Horse scared of African Americans?
I saw something odd this afternoon. I was shoeing a gelding for a trainer because he had a guy coming to buy him. So I put some new shoes on him and we had him looking real good. I hung around afterwards and soon the buyer showed up. He was a nice colored man.
Well, the trainer had the horse saddled in his indoor arena, and so we went in there to look at him. This horse was terrified. He snorted like they do when they see a coyote. Ears perked, nostrils flared, and bug-eyed. When the trainer climbed on, this horse struck into this high-headed, quick-steppin' trot and never took his eyes off the black man. The guy wasn't loud or jumping around or anything. The only thing he did was when the trainer put the horse into a spin or rollback, the guy would do a dance. I guess it was his way of showing approval. He really liked watching him spin.
So really it seemed like the horse was scared based on appearance, not behavior. The horse wasn't scared of me at all and cooperated well for shoeing.
Has anybody ever seen this?
horses see differently than we do. Pretty sure in three colors. Black, white and red. (might be wrong on this.) so if a horse has never saw any color but white skin.. a dark skinned person approaching them could scare them.
Perhaps the horse ha been abused by a black man in the past.
It's anecdotal evidence at best, but I knew a mare who was TERRIFIED of Hispanic men. She was raised at a show barn where the men who did the stall cleaning and turnouts were Hispanic and would routinely smack the horses (HARD) with a rake if they didn't move out of the way quick enough and were just generally rough with them. The mare only lived at that barn until she was a yearling, then she was given to my friend. To my knowledge, she hadn't seen a Hispanic man in years, until she moved to the barn that my friend was leasing. The previous leaser and my friend had leases that overlapped by a couple of months (don't ask) and the previous leaser had a very nice Hispanic man who tended their horses for them. He never once treated any of the horses badly that we saw (he was actually very gentle with them) and was even nice enough to clean our stalls and bring our horses in from turnout. However, this mare absolutely WOULD NOT let this Hispanic man near her. She would get all antsy if he came near her stall and would literally go into hysterics if he had a rake with him. Even if you had her in hand and walked past the Hispanic man, she would turn so she could see him at all times and would dragon snort if he even looked at her. It was the craziest thing I've ever seen.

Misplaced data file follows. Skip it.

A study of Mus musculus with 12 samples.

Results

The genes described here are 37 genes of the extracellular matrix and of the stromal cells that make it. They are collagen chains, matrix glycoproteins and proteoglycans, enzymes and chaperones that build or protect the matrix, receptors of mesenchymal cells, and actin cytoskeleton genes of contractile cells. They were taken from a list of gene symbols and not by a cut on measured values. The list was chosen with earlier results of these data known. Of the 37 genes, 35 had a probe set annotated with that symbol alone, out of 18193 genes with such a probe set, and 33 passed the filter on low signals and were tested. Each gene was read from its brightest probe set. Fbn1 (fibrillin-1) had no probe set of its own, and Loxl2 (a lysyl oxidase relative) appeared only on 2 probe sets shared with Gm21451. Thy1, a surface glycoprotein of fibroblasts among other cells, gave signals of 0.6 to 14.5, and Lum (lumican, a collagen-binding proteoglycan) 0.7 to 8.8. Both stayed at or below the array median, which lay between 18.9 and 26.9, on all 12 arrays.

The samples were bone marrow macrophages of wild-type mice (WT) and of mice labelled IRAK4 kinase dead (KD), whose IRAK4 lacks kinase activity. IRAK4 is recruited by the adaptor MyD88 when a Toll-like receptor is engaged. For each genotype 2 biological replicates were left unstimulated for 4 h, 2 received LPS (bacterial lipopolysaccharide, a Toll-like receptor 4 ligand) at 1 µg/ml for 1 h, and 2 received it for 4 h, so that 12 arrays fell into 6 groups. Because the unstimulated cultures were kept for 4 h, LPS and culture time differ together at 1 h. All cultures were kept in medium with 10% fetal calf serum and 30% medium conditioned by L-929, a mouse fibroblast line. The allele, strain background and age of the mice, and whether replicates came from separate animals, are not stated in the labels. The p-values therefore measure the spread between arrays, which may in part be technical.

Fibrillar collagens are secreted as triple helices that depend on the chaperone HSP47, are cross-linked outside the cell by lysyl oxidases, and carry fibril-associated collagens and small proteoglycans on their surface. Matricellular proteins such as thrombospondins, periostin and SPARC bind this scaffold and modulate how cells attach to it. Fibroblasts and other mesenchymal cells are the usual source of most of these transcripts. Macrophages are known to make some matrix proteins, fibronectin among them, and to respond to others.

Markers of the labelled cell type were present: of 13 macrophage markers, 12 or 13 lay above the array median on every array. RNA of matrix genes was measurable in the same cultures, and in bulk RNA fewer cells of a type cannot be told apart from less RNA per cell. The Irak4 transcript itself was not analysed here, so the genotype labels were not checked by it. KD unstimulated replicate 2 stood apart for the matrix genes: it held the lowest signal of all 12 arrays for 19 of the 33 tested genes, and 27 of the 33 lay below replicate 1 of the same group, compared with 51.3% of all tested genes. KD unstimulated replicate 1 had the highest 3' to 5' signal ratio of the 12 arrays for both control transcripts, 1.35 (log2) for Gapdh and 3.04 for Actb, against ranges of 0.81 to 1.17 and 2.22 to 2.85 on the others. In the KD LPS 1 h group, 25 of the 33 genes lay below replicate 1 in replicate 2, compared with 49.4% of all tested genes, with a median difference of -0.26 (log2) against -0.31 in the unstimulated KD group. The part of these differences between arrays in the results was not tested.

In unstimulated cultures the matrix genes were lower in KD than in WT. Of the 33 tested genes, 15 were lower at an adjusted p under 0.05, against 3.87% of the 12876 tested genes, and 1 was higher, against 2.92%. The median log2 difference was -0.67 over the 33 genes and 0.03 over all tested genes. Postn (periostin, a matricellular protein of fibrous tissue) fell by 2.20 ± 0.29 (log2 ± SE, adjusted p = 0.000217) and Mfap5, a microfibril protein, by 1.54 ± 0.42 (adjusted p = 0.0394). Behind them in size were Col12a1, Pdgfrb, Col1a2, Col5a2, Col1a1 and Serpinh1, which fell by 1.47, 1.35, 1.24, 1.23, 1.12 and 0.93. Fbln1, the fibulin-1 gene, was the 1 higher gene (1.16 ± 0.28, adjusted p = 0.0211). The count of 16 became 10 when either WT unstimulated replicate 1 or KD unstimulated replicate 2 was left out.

I had a horse that was scared of blue ropes. When I was working bull ridings, those bulls would buck off the riders, then the ropes fall on the ground. So sometimes when I was following a bull out of the arena, there'd be 2 or 3 ropes laying in the arena. My horse would walk right over red, black, and brown ropes. But he always made a big wide circle around the blue ones......Odd, i know....
Sorry i got off topic. I have to say too, This guy could really dance
Not just horses are hostile towards people or things....
I was driving through town with my wiener dog in my lap, when we stopped at a red light.
All of a sudden, he goes from snoozin on my lap to trying to go through the passenger side window at a family pushing a baby carriage!
He never gets riled, has ALWAYS loved everyone (lousy watchdog), except this particular family.
They were VERY african american.
Apparently, he didnt like their shoes!
My horse is scared of yellow trot poles - the white, blue and red ones are OK by him!
I've also seen horses scared of Paint/Pinto horses.
I don't think it's too far fetched for a horse to be scared of a person based on color.
I don't see how you could make any association based on only one exposure. IT could have been any number of things that had the horse frightened, and if they were connected to the man (and I wonder about that), it could have been his clothing, his size, his scent, his way of speaking or moving.
I rather doubt the horse even really notices the color of the skin. Right now, it being winter, most of us have our skin pretty much covered up, so the horse can only see the man's face. I strongly doubt it was the color, however, if there is anything that might have been associated with a former bad experience for the horse, it might be connected to scent, such as some of the hair products that people can use or other sourced of strong scents.
I do not believe horses see red. I thought only greens and black and white.